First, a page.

Nov. 17, 2000 will be a date forever seared in Steve Bougie’s memory. A devastating fire completely destroyed his sawmill operation, Cheminis Lumber Inc.

Nov. 17, 2000 will be a date forever seared in Steve Bougie’s memory.

A devastating fire completely destroyed his sawmill operation, Cheminis Lumber Inc., (pronounced Shem-i-nus), an independent producer of specialty spruce and fir forest products in Larder Lake.

The blaze started when one of the wheel motors shorted out overnight in the garage, which was attached to the mill. Wind fanned the flames, burning the garage and carrying the whole sawmill with it, resulting in about $2.5 million in damages.

“We came to work the next morning and everything was gone,” says Bougie, the company president, who acquired the mill in 1995 with his business partner, Rick Nychuk, the vice-president.

“There was fire shooting out both ends by the time we got here.”

The stand-alone office and planing mill were spared, but aside from a few beams, not much else from the metal-clad main sawmill building was salvageable.

The maker of dimensional and dressed lumber had carved out a niche market for itself as a cut-to-order mill catering to the mining industry in northeastern Quebec in its earliest days. The company then began catering to the industrial and homebuilding market in southern Ontario, where the bulk of their product is now shipped.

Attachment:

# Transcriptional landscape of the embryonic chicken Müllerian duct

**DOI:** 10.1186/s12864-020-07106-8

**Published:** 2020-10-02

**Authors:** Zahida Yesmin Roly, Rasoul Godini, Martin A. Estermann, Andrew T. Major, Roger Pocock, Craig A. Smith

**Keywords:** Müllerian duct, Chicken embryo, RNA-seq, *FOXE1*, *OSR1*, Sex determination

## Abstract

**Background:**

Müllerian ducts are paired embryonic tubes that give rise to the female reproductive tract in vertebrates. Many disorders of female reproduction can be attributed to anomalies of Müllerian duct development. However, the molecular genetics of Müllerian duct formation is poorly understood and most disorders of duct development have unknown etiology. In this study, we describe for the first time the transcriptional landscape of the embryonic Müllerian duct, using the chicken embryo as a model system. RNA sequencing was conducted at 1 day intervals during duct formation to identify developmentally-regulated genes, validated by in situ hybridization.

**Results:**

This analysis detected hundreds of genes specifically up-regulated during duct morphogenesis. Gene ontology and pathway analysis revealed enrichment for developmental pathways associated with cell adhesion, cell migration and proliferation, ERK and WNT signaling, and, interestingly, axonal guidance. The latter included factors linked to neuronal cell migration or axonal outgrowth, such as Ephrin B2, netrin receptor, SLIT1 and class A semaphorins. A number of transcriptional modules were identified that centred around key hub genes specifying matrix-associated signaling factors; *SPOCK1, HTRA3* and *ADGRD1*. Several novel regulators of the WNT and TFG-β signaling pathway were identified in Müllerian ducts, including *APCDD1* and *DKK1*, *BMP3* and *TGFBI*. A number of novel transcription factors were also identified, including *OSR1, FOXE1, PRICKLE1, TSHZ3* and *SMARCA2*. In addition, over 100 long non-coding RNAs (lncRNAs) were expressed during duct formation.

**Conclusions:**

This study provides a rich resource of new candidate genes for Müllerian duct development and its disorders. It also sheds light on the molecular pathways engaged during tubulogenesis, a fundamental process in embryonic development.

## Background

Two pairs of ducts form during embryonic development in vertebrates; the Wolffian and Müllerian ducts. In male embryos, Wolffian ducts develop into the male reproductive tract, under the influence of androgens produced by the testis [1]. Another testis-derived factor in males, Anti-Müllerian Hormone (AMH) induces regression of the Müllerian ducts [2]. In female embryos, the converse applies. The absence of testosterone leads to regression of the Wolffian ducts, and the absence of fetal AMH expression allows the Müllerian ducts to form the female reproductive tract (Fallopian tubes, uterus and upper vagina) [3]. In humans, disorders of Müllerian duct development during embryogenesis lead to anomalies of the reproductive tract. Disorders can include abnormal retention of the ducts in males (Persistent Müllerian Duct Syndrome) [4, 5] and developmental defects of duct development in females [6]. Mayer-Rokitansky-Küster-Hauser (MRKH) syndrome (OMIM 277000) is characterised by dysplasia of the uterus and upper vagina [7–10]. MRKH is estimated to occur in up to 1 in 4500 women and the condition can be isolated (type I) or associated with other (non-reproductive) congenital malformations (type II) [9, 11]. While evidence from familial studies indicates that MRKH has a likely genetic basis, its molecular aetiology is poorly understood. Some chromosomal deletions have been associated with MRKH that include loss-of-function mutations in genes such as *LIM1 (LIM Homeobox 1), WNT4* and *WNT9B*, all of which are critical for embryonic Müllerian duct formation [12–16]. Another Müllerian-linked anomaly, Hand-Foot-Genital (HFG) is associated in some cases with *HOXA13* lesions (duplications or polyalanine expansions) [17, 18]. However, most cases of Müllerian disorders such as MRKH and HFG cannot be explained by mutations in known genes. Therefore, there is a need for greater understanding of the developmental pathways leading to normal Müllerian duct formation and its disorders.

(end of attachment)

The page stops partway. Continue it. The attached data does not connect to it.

However, the setback was only temporary.

Over the Christmas holidays, the 22-employees began dismantling the ruins and started pouring cement in January to begin reconstruction. By April, they were sawing again, and back in full production by June, using portable mills over the winter to keep customers supplied.

“It was an incredible task really,” says Bougie.

The thought of cashing in on the insurance money and walking away never entered his mind.

“We could have easily done that, but we were committed to our people, our customers and the local community.

“The offer was on the table from the insurance company and we didn’t accept it

“That was the whole idea behind going ahead a lot of our customers depend on our products down south and much of what we make you can’t get anywhere else and they’re very loyal to us.”

Currently rebuilt with $3 million in capital upgrades and reconditioned equipment, Cheminis is back in business with two sawlines again, is now up to 28 employees and is on pace this year to post its best year ever with 11 million board feet in annual output, compared to 4.5 million in 1995.

At a time when softwood lumber producers across Ontario are taking a terrific beating from U.S. softwood tariffs, Cheminis is holding its own.

“We’re doing extremely well, we’ve had a really good summer,” says Bougie, who attributes their success to loyal customers such as Weyerhaeuser, Hanford Lumber in Rexdale and Leonard Ellen Canada Ltd. of Montreal, combined with a good-quality product and a vibrant southern Ontario economy.

“Our customers will pay that extra dollar to get our product,” including some of their more popular items like six-by-six and six-by-eight sawn timber of jack pine up to lengths of 18 feet to 24 feet used in the pole barn industry down south.

“Our orders change on a daily or hourly basis depending on whatever the customer demands.

“If someone is building a log home in southern Ontario and wants those beams sawn to exact specific dimensions and lengths, we do it. There’s really not many of us still left doing this kind of work.”